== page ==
The government of incoming Prime Minister Fumio Kishida will face the pressing task of ensuring a stable imperial succession, including securing enough members of the imperial family to conduct official duties.
Princess Mako’s planned marriage to a commoner means that she will have to leave the imperial family, bringing the number of its members to 17.
The government is likely to consider options without changing the tradition of patrilineal succession.
The imperial family may suffer a shortage of members available for duties and an increase in the burdens on each member if other female members get married.
“We should continue discussions while ensuring that they are conducted in a quiet environment,” Chief Cabinet Secretary Katsunobu Kato said Friday.
Kishida declared his opposition to emperors from the maternal bloodline during his campaign in the ruling Liberal Democratic Party’s leadership election, backing the current system of allowing only male descendants in the family’s paternal line to ascend the throne.
He called for considering measures such as restoring the imperial family status of those who left the family soon after the end of World War II.
Kishida is expected to stick to this position, as his government is believed to be heavily influenced by conservative LDP members such as former Prime Minister Shinzo Abe. Kishida appointed Sanae Takaichi, who also opposes matrilineal emperors, as the LDP policy chief.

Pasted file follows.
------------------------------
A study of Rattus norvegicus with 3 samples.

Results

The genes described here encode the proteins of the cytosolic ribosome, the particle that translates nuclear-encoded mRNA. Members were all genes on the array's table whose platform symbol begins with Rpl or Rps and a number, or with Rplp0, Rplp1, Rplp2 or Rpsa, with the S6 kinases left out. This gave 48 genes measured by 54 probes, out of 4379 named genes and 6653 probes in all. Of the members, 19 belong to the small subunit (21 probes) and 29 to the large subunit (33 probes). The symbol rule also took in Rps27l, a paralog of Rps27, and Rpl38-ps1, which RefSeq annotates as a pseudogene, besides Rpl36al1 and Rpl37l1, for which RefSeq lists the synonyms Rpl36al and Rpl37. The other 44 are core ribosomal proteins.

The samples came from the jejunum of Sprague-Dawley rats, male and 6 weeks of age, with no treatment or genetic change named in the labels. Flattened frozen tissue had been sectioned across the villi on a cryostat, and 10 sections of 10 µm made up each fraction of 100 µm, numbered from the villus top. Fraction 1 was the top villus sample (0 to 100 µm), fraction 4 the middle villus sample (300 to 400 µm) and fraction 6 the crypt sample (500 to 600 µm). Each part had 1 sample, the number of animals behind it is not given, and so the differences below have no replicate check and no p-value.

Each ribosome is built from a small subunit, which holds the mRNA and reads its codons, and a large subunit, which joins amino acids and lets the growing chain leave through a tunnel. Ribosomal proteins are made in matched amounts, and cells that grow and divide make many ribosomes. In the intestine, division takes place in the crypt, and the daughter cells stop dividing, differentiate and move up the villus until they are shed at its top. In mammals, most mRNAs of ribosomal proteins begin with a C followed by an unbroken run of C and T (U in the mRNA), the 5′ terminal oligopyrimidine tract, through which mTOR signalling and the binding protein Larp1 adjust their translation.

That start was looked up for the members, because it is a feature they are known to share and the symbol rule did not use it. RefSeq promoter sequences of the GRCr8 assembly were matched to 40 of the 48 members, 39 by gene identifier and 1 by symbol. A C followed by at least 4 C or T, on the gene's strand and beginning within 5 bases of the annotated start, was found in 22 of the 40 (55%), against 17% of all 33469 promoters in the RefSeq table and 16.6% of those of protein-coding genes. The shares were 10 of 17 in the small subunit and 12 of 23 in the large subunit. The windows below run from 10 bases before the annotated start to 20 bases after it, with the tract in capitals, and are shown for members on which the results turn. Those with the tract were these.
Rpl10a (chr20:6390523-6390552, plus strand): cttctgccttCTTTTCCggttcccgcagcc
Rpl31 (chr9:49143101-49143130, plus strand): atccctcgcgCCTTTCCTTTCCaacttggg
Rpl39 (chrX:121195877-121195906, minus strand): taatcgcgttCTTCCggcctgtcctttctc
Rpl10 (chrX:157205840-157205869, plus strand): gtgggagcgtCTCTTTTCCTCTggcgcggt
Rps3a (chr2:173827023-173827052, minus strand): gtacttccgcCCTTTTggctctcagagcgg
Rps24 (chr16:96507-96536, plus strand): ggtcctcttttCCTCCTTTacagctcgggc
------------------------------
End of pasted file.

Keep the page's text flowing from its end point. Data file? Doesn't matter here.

In July, an expert panel under the administration of outgoing Prime Minister Yoshihide Suga said that the government should prioritize discussions on two possible solutions — allowing female members to stay in the family after marriage and restoring the imperial family status of male descendants of those who left.
“It is important to keep a certain number of imperial family members,” a senior government official said. At the same time, the official stressed that maintaining a paternal line is crucial, saying, “bloodlines are significant.”
The expert panel is slated to resume deliberations under the Kishida government. But concrete steps, including systemic revisions, to be taken are expected to come after the upcoming general election for the House of Representatives and next year’s House of Councilors election.
The Kishida administration is likely to deal with the issue sensitively, as any solution requires public understanding and broad support from both the ruling and opposition blocs.